Difference between revisions of "Xscale maxcc12"

To analyze XSCALE.HKL in terms of the detailed course of CC1/2 by data set number and resolution, you could use the program Linux binary Mac binary, to be stored as xscale_maxcc12 in your ~/bin or (as root) in /usr/local/bin (don't forget to chmod a+x xscale_maxcc12 !).

You also need a script such as

#!/bin/bash
xscale_maxcc12 XSCALE.HKL > xscale_maxcc12.log
# xscale_maxcc12 has options for resolution range and number of bins
grep a$xscale_maxcc12.log > temp.a grep c$ xscale_maxcc12.log > temp.c
grep d\$ xscale_maxcc12.log > temp.d
paste temp.a temp.c temp.d | sed -e 's/a. //' -e 's/c. //' > temp.dat
gnuplot<<eof
set term postscript color portrait
set out 'xscale_maxcc12.ps'
set yrange [0:100]
set xlabel "data set"
set ylabel "%"

set multiplot layout 3,1
set title "CC1/2_iso"
# adding labels to the lines make the plot ugly so remove them;
# but if you want to know which line is which resolution range then
# comment out the next line:
set nokey
plot 'temp.dat' us 1:2 w li,'temp.dat' us 1:3 w li,'temp.dat' us 1:4 w li,\
'temp.dat' us 1:5 w li,'temp.dat' us 1:6 w li,'temp.dat' us 1:7 w li,\
'temp.dat' us 1:8 w li,'temp.dat' us 1:9 w li,'temp.dat' us 1:10 w li,'temp.dat' us 1:11 w li

set title "completeness"
plot 'temp.dat' us 1:12 w li,'temp.dat' us 1:13 w li,'temp.dat' us 1:14 w li,\
'temp.dat' us 1:15 w li,'temp.dat' us 1:16 w li,'temp.dat' us 1:17 w li,\
'temp.dat' us 1:18 w li,'temp.dat' us 1:19 w li,'temp.dat' us 1:20 w li,'temp.dat' us 1:21 w li

set title "CC1/2_ano"
plot 'temp.dat' us 1:22 w li,'temp.dat' us 1:23 w li,'temp.dat' us 1:24 w li,\
'temp.dat' us 1:25 w li,'temp.dat' us 1:26 w li,'temp.dat' us 1:27 w li,\
'temp.dat' us 1:28 w li,'temp.dat' us 1:29 w li,'temp.dat' us 1:30 w li,'temp.dat' us 1:31 w li
unset multiplot
quit
eof
rm temp.a temp.c temp.d temp.dat
# next line: replace okular with your favourite postscript viewer
okular xscale_maxcc12.ps
# convert to pdf; this compresses and makes it easier to print it
ps2pdf xscale_maxcc12.ps xscale_maxcc12.pdf
# you could now use a PDF viewer
rm xscale_maxcc12.ps

which you save as plot_maxcc12.rc in your ~/bin or (as root) in /usr/local/bin . Now, after scaling and merging datasets with XSCALE, you can simply use plot_maxcc12.rc and get a plot like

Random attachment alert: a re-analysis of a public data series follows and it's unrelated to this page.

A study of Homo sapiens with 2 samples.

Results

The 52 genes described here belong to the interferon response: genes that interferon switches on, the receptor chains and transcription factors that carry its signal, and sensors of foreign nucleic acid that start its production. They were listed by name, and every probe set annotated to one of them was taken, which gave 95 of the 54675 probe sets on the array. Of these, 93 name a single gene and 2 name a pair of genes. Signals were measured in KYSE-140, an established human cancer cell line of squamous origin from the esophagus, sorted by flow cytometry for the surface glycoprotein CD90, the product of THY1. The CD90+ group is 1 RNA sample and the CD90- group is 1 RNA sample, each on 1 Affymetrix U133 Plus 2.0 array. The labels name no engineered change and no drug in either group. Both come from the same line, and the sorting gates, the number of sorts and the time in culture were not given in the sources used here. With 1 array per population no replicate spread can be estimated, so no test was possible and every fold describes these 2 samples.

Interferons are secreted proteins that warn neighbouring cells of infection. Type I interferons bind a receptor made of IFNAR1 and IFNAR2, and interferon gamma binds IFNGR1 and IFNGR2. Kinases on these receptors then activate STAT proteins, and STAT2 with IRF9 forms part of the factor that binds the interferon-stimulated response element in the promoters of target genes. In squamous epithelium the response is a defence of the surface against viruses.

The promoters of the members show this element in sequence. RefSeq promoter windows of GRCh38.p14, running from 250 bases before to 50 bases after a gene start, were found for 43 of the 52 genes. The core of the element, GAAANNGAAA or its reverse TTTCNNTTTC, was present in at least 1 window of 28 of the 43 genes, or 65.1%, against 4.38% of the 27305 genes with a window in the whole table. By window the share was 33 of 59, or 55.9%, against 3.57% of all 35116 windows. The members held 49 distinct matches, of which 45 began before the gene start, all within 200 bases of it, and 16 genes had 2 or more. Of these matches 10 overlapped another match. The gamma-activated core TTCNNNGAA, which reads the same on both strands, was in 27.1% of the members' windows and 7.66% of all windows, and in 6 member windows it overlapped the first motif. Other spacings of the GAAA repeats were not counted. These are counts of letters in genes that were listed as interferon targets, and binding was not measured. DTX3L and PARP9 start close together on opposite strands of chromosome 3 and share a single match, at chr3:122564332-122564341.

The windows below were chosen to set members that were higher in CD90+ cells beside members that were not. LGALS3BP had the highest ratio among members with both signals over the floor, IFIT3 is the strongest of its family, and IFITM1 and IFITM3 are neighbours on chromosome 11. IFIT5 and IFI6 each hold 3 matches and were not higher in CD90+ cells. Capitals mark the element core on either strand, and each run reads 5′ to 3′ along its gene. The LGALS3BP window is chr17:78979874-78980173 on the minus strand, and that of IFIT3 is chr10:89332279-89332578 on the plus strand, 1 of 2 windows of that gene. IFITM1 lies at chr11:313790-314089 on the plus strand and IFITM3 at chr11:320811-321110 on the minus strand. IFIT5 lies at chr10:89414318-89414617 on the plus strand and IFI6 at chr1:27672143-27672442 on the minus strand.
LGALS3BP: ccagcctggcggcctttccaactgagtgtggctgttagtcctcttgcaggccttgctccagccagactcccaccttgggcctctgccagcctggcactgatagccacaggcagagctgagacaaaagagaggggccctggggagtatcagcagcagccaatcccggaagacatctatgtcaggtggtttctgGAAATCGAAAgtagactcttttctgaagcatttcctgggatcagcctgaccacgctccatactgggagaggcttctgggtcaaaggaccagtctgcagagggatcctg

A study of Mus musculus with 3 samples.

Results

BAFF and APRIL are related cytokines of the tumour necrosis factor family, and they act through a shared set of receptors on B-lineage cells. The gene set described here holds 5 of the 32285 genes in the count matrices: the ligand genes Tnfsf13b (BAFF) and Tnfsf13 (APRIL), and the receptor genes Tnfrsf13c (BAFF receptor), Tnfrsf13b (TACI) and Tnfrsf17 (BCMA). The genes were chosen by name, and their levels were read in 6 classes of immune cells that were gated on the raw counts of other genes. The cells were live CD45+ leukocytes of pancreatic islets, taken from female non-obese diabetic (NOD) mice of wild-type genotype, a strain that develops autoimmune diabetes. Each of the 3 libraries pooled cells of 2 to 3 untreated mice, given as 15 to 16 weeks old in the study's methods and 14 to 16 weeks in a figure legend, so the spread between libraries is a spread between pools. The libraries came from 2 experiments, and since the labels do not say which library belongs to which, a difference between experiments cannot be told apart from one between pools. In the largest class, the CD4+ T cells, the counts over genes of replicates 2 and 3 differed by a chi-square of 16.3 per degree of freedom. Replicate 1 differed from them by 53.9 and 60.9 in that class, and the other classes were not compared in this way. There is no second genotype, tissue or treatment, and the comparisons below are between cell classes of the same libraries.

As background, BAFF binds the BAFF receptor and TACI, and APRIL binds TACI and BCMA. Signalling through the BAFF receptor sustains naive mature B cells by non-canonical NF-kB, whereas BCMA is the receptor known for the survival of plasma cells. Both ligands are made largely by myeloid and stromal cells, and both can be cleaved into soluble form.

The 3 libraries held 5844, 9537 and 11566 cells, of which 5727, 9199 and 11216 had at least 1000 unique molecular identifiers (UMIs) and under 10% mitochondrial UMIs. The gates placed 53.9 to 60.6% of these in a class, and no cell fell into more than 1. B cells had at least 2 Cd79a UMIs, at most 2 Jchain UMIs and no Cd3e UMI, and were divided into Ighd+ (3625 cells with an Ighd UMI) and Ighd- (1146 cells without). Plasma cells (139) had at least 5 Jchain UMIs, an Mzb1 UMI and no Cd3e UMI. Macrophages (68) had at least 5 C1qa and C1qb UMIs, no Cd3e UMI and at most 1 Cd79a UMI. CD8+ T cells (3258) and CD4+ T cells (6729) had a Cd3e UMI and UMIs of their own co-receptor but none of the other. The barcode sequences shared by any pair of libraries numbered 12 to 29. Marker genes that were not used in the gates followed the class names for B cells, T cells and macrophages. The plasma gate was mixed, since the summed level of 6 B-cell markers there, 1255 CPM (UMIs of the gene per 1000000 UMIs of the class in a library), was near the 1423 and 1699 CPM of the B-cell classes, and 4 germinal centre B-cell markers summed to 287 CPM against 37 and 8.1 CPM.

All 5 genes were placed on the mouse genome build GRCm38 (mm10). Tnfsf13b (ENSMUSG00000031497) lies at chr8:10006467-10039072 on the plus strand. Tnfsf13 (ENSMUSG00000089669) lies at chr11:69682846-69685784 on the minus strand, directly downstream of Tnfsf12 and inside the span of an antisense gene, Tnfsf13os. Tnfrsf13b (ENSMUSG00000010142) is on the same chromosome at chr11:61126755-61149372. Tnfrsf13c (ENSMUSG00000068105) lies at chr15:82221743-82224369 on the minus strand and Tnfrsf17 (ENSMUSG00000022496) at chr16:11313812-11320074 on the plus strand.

The plot is useful because it shows you the cumulative influence of frames of the dataset on CC1/2 and completeness of ten resolution shells (to change that number, you must modify the script). The highest resolution shell us usually the lowest curve (red); the curves above are lower resolution shells. (To see the legend which maps the colors and linetypes to resolution range numbers, remove the "set nokey" line in the script)

This may shed light on the usefulness of certain frame ranges of your dataset which have high Rmeas. Do they really compromise CC1/2 of the merged data - which is all you should care about?

The example plot shows that CC1/2 is highest around frame 60 to 70 and then gets lower due to radiation damage. However it also makes clear that around frame 60, the completeness is only about 50%. In this case, the anomalous signal is practically just noise.

Clearly, to reliably calculate CC1/2 requires some multiplicity which is normally not available if the completeness is low. So expect a very noisy CC1/2 plot at low completeness. At reasonable completeness, however, the plots are quite stable and you can nicely see what e.g radiation does: it hurts the high resolution shells and lets their CC1/2 degrade.

So the program may serve the purpose of helping to define the cutoff point beyond which frames are discarded due to radiation damage. I find that this cutoff point can be found satisfactorily with the help of this program. Of course the frame cutoff depends on the high resolution cutoff ! The procedure I suggest is: pick the highest resolution cutoff that has still significant signal (marked with "*" in CORRECT.LP), and define the frame cutoff as the frame where the CC1/2 curve of this resolution range does no longer rise (i.e. becomes constant).

Alternatively, you may base your decision on the anomalous CC1/2 (bottom plot); the outcome may of course be different then.